Biosimilars could have saved US companies US$1.4 billion in 2018



Companies were asked to provide data on utilization and spending on biologicals and biosimilars from their prescription drug benefit and their medical health plans between 1 January 2018 and 31 December 2018.

A total of 28 pharmacy benefit managers and health plans providing service to 13 ERIC (The ERISA Industry Committee) member companies provided data for this study. Participating companies reported an average of two million claims for prescription and medical drugs, spending an average of US$ 273.3 million dollars in 2018.

The researchers found that spending on the two study drugs represented up to 2.7% of the typical company’s annual spending on pharmaceuticals in 2018. While biosimilars represented only 0.5% of infliximab claims but 68.8% of filgrastim claims, with large variations between different companies.

According to the research, biosimilars offered a median discount of 32% for infliximab and 26% for filgrastim. This leads to average savings of US$1.53 million (range: 723 thousand – 4.93 million) for infliximab and US$17,838 for filgrastim for participating companies in 2018, if there had been full biosimilar substitution. While for employees, out-of-pocket expenses for 2018 would have been on average 12% less (about US$300) for infliximab and 45% less (about US$600) for filgrastim.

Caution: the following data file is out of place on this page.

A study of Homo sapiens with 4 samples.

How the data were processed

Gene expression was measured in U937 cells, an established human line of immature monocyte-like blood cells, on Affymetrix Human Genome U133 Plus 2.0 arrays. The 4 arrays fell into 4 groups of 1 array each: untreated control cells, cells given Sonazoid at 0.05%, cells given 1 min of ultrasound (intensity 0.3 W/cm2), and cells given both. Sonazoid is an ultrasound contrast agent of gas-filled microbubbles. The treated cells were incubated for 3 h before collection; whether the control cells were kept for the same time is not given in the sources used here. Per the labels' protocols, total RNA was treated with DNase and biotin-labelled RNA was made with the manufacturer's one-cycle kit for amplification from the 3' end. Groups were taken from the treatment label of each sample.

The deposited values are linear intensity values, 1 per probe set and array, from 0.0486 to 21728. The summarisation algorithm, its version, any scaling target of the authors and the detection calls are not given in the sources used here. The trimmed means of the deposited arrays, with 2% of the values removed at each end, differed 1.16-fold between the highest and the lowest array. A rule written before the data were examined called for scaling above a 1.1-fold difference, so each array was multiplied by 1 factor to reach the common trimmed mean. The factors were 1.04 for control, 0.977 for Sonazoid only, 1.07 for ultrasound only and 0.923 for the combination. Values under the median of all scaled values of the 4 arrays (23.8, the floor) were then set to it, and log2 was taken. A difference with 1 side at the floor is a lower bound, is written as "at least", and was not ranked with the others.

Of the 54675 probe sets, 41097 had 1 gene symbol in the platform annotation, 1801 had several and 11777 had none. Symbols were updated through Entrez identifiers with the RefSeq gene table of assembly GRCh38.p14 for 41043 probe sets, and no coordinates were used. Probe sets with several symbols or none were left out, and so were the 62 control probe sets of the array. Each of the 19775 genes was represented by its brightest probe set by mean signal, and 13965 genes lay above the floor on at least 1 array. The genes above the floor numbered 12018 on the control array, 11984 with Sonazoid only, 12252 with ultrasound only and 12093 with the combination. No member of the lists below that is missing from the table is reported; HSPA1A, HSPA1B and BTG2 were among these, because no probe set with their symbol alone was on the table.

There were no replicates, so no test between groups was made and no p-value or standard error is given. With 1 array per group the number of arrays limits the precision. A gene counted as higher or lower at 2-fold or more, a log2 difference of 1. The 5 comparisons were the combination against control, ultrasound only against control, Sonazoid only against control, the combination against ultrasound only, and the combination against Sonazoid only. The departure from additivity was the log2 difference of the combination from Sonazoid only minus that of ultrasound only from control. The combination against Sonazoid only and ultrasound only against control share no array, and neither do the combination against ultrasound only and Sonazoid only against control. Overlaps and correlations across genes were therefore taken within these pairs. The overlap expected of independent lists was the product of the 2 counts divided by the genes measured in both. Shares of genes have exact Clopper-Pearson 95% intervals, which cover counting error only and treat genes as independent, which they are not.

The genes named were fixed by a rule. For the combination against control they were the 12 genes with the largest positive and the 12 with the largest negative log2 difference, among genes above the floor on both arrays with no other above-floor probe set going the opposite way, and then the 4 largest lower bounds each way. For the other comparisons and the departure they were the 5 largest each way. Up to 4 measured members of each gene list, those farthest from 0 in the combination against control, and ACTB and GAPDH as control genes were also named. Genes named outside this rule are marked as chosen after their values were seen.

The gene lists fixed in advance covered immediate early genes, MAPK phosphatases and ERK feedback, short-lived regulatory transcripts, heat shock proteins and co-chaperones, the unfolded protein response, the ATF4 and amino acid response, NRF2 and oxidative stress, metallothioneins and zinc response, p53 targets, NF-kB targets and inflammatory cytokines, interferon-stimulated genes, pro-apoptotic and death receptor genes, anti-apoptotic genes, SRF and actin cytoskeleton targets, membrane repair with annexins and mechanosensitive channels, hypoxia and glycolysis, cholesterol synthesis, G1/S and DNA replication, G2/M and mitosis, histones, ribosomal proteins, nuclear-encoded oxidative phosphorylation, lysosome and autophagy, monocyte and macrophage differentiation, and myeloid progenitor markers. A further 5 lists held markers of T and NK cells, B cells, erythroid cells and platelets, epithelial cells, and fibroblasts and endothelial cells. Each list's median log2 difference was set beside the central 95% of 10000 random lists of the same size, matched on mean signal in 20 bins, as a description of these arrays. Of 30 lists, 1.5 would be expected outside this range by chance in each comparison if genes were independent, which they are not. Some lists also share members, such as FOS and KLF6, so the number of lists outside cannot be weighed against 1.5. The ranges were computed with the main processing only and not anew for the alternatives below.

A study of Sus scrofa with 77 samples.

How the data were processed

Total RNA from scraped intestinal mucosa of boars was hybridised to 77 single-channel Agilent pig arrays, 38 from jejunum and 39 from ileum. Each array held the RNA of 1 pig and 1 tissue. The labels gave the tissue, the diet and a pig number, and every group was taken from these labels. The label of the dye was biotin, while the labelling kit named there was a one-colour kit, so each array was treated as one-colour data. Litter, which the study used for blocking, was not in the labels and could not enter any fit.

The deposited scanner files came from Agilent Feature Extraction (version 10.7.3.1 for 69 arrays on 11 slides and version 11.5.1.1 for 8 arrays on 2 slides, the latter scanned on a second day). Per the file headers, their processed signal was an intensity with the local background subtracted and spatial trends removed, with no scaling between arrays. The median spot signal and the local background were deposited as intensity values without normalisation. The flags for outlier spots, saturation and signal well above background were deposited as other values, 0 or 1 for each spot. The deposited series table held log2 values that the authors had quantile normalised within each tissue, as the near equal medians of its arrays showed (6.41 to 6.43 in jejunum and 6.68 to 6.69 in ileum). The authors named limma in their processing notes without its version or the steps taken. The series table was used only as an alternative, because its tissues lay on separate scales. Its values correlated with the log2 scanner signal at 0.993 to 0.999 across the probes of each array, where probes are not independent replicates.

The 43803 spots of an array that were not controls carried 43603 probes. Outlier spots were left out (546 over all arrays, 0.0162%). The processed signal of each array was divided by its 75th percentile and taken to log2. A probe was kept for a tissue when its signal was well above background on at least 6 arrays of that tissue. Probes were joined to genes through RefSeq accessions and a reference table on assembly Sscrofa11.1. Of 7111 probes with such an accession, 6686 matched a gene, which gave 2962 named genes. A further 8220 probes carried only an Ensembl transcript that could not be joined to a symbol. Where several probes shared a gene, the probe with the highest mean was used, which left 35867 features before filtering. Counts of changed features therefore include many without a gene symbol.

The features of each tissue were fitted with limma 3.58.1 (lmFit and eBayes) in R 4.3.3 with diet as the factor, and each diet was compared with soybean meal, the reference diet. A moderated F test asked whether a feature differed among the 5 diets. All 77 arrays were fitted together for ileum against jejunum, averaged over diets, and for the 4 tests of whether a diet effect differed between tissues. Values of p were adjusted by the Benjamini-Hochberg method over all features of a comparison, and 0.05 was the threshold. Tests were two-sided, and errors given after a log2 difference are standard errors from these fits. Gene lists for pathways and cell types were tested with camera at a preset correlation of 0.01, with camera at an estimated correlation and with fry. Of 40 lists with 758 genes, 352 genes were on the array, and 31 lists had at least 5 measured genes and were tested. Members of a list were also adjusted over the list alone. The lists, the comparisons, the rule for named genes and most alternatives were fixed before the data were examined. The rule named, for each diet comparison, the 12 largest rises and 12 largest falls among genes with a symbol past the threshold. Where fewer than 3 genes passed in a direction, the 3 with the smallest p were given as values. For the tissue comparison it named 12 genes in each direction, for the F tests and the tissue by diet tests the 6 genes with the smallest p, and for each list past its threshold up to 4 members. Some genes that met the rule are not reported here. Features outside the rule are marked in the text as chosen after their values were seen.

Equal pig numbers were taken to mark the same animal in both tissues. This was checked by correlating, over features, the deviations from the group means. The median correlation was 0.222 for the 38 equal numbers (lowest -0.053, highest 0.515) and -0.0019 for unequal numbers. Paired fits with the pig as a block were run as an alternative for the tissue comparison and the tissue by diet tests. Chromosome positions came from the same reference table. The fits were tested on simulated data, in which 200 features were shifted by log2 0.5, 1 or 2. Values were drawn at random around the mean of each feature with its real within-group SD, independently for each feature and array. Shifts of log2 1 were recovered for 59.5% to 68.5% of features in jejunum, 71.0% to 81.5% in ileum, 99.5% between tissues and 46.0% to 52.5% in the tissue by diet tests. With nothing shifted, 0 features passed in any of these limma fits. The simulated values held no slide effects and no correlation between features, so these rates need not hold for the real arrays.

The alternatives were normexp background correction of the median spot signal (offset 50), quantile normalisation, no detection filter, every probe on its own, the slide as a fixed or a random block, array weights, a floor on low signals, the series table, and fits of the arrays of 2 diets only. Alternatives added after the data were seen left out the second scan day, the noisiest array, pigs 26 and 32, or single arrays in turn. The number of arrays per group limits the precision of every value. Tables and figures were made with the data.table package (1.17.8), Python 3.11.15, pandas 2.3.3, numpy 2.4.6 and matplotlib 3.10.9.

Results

The researchers also extrapolated these savings to all employers who self-insure health coverage in the US and found that potential savings at full biosimilar substitution could have amounted to US$407 million according to a market-based methodology and up to US$1.4 billion according to a company-size methodology in 2018. Potential savings to the Medicare programme were estimated at US$279 million in 2018.

The researchers concluded that ‘for the biosimilars market to promote price competition and successfully generate savings it is important that plan sponsors reconsider their options based on the full savings potential offered by each product. Increased transparency and greater access to information are an important first step.’

#Medicare is a national social insurance programme, administered by the US federal government since 1966. It provides health insurance for Americans aged 65 and older who have worked and paid into the system. It also provides health insurance to younger people with disabilities.